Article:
This is a description of how to set up networking for Xen on CentOS 5.0 using 802.1q VLAN trunking with a bridge on dom0 for each VLAN. In my setup, eth0 is dedicated to dom0 tasks like live migration, iSCSI, and console access. eth1 is dedicated as a VLAN trunk. NO VLAN interfaces are configured with addresses in dom0, which should help reduce security implications.
# note, no address configured
# again, no address configured
The files above only demonstrate the standard way to configure 802.1q VLAN's and bridges under modern Redhat-derivative distributions like RHEL, CentOS, and Fedora. The nice part is, we're almost done. Only a small change is necessary in Xen, so that it no longer brings up xenbr0. I don't want to pay for the overhead of networking through a bridge for my iSCSI, even if it is a very small cost.
Modify /etc/xen/xend-config.sxp and change "(network-script ...)" to "(network-script /bin/true)". Comment the "(vif-script ...)" line(s) out completely. You don't need them anymore.
When the box comes back up, log in and look around at your networking configuration. Use "ifconfig" or "ip link show", "brctl", and "cat /proc/net/vlan/config".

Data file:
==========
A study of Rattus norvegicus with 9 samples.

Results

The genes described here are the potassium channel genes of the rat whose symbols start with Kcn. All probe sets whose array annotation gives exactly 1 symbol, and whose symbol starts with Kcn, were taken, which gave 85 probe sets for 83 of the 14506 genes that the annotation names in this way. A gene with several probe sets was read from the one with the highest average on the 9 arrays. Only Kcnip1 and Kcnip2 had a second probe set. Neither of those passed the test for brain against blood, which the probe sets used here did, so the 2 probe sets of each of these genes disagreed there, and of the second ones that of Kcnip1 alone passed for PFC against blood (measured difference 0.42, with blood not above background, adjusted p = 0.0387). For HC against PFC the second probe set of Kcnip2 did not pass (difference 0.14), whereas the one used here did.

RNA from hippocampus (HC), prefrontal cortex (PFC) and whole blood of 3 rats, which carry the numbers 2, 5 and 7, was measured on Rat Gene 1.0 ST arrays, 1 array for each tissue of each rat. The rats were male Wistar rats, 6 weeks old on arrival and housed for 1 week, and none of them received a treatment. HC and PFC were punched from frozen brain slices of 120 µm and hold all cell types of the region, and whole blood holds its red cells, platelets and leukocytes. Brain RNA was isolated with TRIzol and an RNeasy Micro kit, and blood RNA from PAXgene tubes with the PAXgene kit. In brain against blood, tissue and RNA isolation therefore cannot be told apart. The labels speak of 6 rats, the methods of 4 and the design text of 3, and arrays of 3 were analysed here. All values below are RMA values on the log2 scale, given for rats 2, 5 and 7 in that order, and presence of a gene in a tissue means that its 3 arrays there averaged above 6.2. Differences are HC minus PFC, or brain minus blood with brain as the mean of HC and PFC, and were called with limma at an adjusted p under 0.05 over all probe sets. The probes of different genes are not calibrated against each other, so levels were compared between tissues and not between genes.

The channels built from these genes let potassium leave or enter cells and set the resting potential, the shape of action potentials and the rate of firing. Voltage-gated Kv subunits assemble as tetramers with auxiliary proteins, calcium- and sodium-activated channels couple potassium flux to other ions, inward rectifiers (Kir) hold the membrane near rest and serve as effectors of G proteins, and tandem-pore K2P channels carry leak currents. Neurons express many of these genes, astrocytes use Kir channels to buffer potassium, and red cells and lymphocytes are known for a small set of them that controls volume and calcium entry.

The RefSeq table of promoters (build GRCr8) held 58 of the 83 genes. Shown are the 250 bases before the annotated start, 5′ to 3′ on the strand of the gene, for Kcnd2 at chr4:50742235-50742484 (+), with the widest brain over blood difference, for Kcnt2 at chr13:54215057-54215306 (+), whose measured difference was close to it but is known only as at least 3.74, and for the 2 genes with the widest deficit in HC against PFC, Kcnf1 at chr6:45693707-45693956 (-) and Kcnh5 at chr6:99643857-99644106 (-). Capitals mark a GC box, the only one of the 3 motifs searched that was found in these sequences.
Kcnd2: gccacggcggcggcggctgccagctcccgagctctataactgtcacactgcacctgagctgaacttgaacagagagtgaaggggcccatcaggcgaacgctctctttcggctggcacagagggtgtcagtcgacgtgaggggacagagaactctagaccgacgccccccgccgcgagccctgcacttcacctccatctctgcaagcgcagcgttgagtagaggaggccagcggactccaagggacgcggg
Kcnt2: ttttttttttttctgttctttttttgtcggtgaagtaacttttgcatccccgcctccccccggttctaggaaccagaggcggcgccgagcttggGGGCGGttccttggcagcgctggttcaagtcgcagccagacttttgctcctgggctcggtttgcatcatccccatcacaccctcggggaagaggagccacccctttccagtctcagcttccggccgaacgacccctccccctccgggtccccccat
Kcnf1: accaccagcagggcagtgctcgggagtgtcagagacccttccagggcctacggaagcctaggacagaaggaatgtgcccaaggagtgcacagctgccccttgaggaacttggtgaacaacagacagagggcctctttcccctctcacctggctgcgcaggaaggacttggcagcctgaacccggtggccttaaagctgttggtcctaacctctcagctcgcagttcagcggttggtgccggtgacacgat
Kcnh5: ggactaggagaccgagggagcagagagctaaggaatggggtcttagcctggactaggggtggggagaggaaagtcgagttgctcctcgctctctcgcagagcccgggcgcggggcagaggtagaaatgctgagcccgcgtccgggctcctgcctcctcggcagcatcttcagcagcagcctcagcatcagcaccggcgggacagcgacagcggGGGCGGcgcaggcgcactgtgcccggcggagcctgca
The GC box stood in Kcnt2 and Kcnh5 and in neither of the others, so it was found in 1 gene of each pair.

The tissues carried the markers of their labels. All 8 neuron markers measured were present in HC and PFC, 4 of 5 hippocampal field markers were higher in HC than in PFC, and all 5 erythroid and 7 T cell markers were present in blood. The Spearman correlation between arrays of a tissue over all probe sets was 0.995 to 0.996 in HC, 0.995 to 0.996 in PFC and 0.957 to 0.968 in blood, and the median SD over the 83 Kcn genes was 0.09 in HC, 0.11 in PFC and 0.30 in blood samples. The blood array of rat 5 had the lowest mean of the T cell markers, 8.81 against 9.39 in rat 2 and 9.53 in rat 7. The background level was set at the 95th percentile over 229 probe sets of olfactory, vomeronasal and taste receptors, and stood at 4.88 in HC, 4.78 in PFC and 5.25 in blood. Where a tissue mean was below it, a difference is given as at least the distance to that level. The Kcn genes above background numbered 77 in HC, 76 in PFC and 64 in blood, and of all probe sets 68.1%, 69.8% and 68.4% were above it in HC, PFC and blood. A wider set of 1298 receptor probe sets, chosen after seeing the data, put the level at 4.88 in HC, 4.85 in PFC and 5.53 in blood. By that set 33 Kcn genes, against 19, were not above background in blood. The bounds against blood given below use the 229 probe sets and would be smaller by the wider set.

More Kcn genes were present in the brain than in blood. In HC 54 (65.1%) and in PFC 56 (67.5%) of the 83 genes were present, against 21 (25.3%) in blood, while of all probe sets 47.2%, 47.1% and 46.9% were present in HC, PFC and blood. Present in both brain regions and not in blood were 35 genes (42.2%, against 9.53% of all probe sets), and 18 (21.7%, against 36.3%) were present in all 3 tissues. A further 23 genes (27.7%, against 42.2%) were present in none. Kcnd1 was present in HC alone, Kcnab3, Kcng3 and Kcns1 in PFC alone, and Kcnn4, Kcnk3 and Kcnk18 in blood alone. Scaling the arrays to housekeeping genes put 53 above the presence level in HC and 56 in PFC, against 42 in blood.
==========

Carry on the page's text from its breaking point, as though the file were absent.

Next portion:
Modify your VM configurations to point at the correct bridges. Something like the following should work fine.
vif = [ 'mac=00:16:3e:01:fb:fe, bridge=br4' ]xend will still create the point-to-point (vif) interfaces and connect them to the bridge for you. It doesn't need the helper scripts because the bridges are already all set up and ready to have interfaces bound to them.
This is currently a bit outside the beaten path for Xen netw0rking, so you get to keep all the pieces if it breaks things, has an affair with your refrigerator, or any other such sideeffects. If you have questions, leave comments on this post and I'll try to answer.